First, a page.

Bringing money on an African safari

Money Matters

You will need to bring some cash with you for your African safari. The various African currencies are complicated enough; add gratuities and bartering at markets to the mix, and it can become very confusing.

Spending money, like many other aspects of an African safari, differs from your typical holiday.

How much money do I require? 

Most higher-end African safaris include meals, drinks, activities and park fees unless otherwise specified.

On a budget safari or tour, you may need to contribute to a food kitty (the amount will be specified in your trip notes), and supplies will be purchased locally by your guide. And, there may be a number of meals and drinks not included.

Whether you are travelling high-end or budget-end; spending money will typically be required for two major categories.

Meals, drinks and any activities not included in your itinerary

An all-inclusive African safari typically includes most meals, drinks, and park fees. This is not to say that the desire to spend money will be eliminated. There are numerous ways to spend money to benefit local communities. Most lodges and camps have lovely shops filled with African crafts, jewellery, and souvenirs. You could also go to local markets, towns, or organisations to buy something or make a donation.

For more budget-friendly safaris and tours, there will be a certain number of meals not included, for which you will need to budget. Drinks, including bottled water, are also not always included. There is a good chance you will be spending more cash locally, for meals, drinks and activities, compared to a higher-end safari.

Extras purchased at lodges, camps, hotels, and restaurants in cities, can be paid for with a Visa, MasterCard, or US dollars. Please remember American Express and Diners Club cards are not generally accepted in Africa.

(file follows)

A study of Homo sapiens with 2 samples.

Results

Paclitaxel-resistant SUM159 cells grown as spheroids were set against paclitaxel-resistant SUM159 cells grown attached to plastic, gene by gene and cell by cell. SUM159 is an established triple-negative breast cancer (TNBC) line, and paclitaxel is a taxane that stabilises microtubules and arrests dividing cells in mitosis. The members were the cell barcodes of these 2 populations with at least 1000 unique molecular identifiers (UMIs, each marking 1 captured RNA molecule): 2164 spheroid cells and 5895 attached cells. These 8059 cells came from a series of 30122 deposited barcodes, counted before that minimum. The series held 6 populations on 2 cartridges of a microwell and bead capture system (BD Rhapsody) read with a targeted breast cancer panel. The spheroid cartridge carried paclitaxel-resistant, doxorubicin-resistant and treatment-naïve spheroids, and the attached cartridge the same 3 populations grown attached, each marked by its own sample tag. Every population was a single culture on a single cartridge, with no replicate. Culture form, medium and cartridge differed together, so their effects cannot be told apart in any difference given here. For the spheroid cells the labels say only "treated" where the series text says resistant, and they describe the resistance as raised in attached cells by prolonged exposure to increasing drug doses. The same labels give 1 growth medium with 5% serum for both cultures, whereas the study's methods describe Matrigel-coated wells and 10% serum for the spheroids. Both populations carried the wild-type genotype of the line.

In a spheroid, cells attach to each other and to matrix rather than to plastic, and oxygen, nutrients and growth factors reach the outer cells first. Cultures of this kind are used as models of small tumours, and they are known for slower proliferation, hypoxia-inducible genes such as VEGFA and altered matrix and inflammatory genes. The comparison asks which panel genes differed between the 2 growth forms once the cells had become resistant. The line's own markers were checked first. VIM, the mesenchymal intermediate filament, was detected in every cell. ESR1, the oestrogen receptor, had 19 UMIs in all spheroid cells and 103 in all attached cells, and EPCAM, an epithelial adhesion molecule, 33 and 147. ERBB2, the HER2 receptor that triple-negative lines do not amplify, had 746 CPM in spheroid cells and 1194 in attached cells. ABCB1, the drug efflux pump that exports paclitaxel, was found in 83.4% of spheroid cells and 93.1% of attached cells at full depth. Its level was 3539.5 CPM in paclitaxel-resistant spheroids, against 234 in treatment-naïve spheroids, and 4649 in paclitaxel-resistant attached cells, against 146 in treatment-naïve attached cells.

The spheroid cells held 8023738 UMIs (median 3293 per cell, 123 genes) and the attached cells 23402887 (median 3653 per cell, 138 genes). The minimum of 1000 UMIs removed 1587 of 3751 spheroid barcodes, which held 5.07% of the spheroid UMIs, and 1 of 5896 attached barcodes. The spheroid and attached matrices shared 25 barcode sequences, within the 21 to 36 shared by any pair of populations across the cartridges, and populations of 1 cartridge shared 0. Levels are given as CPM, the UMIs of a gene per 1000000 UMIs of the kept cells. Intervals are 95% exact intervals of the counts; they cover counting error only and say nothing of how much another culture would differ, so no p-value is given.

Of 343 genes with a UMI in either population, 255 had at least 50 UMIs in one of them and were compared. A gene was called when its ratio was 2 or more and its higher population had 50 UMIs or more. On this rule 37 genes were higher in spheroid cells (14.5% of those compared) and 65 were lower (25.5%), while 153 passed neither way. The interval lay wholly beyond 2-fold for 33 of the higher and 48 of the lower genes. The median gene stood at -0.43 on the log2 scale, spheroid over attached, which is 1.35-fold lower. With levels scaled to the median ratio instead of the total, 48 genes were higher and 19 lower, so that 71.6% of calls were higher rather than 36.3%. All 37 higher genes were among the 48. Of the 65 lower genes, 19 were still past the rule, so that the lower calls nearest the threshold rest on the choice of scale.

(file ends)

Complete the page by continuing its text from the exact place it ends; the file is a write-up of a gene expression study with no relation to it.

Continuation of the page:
Tipping / Gratuities

Tipping is always done in cash only.

Tipping is ALWAYS completely optional, and you should feel free to tip however you see fit. Before you travel, our expert team will make recommendations. 

Click here to read more information on tipping when on an African safari.

What type of cash should I bring?

In Africa, US cash is KING and is the most common hard currency accepted.

ATM’s in throughout East Africa and Southern Africa (except Zimbabwe) do not issue US$. ATMs are uncommon outside of major towns or cities because most Africans use a mobile phone banking system on their mobile phones, via their sim card.

Most places you will visit in Africa will accept US$ cash.

Consequently, you will need to order and purchase US$ cash before you depart New Zealand.

When ordering your US$ cash, it is important to ask for smaller notes that are post 2013 series and newer. These smaller notes will be good for tipping and any purchases you make during your travel. You will not be able to break larger US$ notes into smaller US$ notes while on safari.

Major credit cards (Mastercard and Visa Card) are also useful for expenses such as restaurant meals and curio shops in major towns and cities. Credit cards may not always be accepted in smaller towns and markets. Small craft traders generally will accept US$ cash or their local currency. 

South Africa

The exception to using US$ cash in Africa is South Africa. Here you should use the South African Rand (ZAR), which can be obtained (i) in New Zealand before you depart or (ii) from ATMs in South Africa. 


The Namibian Dollar (ND$) is linked 1-to-1 with the Rand (ZAR), so no conversion is required. While the ND$ is legal tender in Namibia, it cannot be used outside the country. 

If you are not visiting South Africa before travelling to Namibia, you will need to order some South African Rand (ZAR) before you leave New Zealand. Otherwise, you will need to withdraw ND$ from an ATM in Windhoek. You will need to use all of your ND$ before leaving, as they have no value outside of Namibia.

How much spending money should I take?

Providing budget advice for your safari can be a challenge because it depends on the type of safari you have booked and the type of ‘shopper’ you might be.  

Most higher-end safaris are fully inclusive i.e., all accommodation, meals, drinks and activities are included.

If you are participating in a small group budget tour, then depending on where you are travelling, you will need to either (i) take US$ cash to change into local currency. Or (ii) use an ATM on arrival and withdraw local currency.

For specific questions relating to the travel you have booked with us, please email us.